CHARLOTTE, N.C. (WBTV) – A Charlotte homebuilder had his real estate license revoked after a WBTV Investigation exposed a pattern of financial problems that cost his customers thousands of dollars. The builder had so many liens against his homes he often couldn’t sell the properties, according to testimony and records filed with the North Carolina Real Estate Commission.
His former clients now want the state to step in and take away his license for construction too.
Since WBTV’s first story in January, the walls have continued to close in on City View Terraces and owner Chris Bradshaw. Bradshaw is facing new lawsuits, new foreclosures and new investigations, according to court records and confirmation from state agencies.
One of Bradshaw’s customers says he’s known for almost a year that City View was facing mounting problems.
If you live in Charlotte you’ve probably driven past Matt Brooks home on your way to Noda or Optimist Park, but technically, it’s not his home yet.
“We were told it would be a 30 day closing,” Brooks said.
“How many days ago was that?” a WBTV reporter asked.
“Almost exactly 11 months ago,” Brooks said.
Brooks was buying a home built by City View Terraces, whose legal name according to public records is actually R-Cubed Charlotte Investment Group. The company is owned by Chris Bradshaw, who was licensed as both a realtor and general contractor.
As WBTV previously reported, dozens of liens and judgements have been filed against Bradshaw and R-Cubed over the last three years.
“Oh, it was horrible. He had so many liens,” real estate attorney Ralph McMillian said. Frankly, I did not think we would close this loan at all.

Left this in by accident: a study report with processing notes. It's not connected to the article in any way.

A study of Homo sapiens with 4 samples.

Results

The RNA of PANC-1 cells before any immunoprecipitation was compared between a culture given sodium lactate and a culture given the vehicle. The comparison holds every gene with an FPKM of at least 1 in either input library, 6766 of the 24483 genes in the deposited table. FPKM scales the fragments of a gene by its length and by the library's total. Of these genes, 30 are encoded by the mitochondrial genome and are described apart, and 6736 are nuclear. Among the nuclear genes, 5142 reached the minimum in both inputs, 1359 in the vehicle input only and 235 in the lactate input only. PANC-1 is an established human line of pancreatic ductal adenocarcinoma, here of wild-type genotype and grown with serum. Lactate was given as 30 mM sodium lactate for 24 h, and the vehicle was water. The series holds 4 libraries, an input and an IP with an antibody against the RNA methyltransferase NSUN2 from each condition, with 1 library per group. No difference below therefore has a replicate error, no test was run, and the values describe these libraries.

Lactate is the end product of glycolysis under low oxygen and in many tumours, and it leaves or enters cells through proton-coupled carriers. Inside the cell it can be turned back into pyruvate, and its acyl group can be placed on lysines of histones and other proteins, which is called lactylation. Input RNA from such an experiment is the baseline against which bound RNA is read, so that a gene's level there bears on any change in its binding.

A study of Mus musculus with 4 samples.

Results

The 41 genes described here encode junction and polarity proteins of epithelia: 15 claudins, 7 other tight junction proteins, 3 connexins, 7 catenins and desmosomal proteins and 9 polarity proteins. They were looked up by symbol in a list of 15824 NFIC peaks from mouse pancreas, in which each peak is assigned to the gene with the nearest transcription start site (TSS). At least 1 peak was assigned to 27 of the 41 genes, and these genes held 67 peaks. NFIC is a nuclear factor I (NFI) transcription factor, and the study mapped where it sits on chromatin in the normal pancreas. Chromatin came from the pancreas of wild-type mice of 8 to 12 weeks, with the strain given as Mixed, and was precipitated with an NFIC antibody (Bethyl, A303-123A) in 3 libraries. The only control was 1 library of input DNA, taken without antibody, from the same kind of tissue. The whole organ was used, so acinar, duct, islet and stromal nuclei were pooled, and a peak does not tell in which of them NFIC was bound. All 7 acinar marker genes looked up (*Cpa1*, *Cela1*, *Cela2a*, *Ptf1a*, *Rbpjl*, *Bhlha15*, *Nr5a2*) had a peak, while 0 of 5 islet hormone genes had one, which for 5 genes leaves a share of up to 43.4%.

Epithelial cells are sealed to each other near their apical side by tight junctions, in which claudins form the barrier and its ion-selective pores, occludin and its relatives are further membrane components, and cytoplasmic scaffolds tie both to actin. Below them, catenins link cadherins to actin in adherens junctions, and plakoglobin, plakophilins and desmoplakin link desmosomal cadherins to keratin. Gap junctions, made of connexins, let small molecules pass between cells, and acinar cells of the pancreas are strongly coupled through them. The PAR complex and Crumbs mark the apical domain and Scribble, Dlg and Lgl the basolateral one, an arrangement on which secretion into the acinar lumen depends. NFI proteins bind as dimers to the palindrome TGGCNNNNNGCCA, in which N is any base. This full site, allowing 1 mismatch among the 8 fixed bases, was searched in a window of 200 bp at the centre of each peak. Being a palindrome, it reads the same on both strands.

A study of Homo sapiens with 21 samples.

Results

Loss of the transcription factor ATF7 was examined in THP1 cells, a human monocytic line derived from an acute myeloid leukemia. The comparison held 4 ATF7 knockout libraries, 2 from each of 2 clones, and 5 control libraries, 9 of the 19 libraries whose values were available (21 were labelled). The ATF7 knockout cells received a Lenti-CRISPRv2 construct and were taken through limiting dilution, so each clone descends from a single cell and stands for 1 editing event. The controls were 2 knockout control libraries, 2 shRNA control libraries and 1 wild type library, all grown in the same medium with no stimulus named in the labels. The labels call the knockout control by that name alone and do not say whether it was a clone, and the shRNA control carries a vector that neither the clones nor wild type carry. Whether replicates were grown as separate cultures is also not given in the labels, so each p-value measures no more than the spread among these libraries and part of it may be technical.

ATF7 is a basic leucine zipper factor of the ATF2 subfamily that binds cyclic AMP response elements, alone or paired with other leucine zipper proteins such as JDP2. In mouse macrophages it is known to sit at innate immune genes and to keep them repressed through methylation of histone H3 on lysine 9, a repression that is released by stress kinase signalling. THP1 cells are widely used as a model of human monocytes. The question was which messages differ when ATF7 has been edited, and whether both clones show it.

Ralp McMillian represented a customer who went through a nearly identical situation as Brooks, and had a difficult time closing on the home.
“It was a pile of liens from a couple projects actually that had come onto this property and that was when we started to find out it was going to take a while before this property could close because of the title,” Brooks said.
The North Carolina Real Estate Commission started investigating this issue and records from their case show many of Bradshaw’s customers had the same experience. Bradshaw accepted a settlement offer that revoked his license on April 1st. He is allowed to reapply in five years but has to get the board to sign off.
Since our last report, new lawsuits have been filed against R-Cubed, directly related to the property Brooks is still trying to buy.
In one lawsuit Carter Lumber claims R-Cubed has failed to pay nearly $1 million in labor and material bills.
In another lawsuit, the lender Bradshaw borrowed money from to build Brook’s property claims R-cubed has failed to pay up on the loan of more than $480,000.
WBTV reached out to Bradshaw and his attorneys for a comment on our findings but there has been no response.
After WBTV’s last report, Bradshaw’s attorney claimed WBTV’s reporting was doing more harm than good and was inaccurate but he did not say what information was incorrect.
With Bradshaw’s blessing, Brooks decided to move into the house in North Davidson even though he is unable to close on it right now.
“It is not my home, although I look around and I see all my things. But you know any day it could be like, OK, I gotta figure out what the next step is,” Brooks said.
While Bradshaw’s real estate license has been revoked, The North Carolina Licensing Board for General Contractors says it’s still investigating. Currently his license is invalid because he did not renew it on March 1st.
“I just hope the GC board acts quickly and stops things like this. Not just with with Chris, but with anybody,” Brooks said.
Bradshaw was able to successfully sell some of the homes he built on Greenleaf Ave after they faced the threat of foreclosure. Temporarily, properties on Julia Maulden were also out of foreclosure but they have since been re-noticed.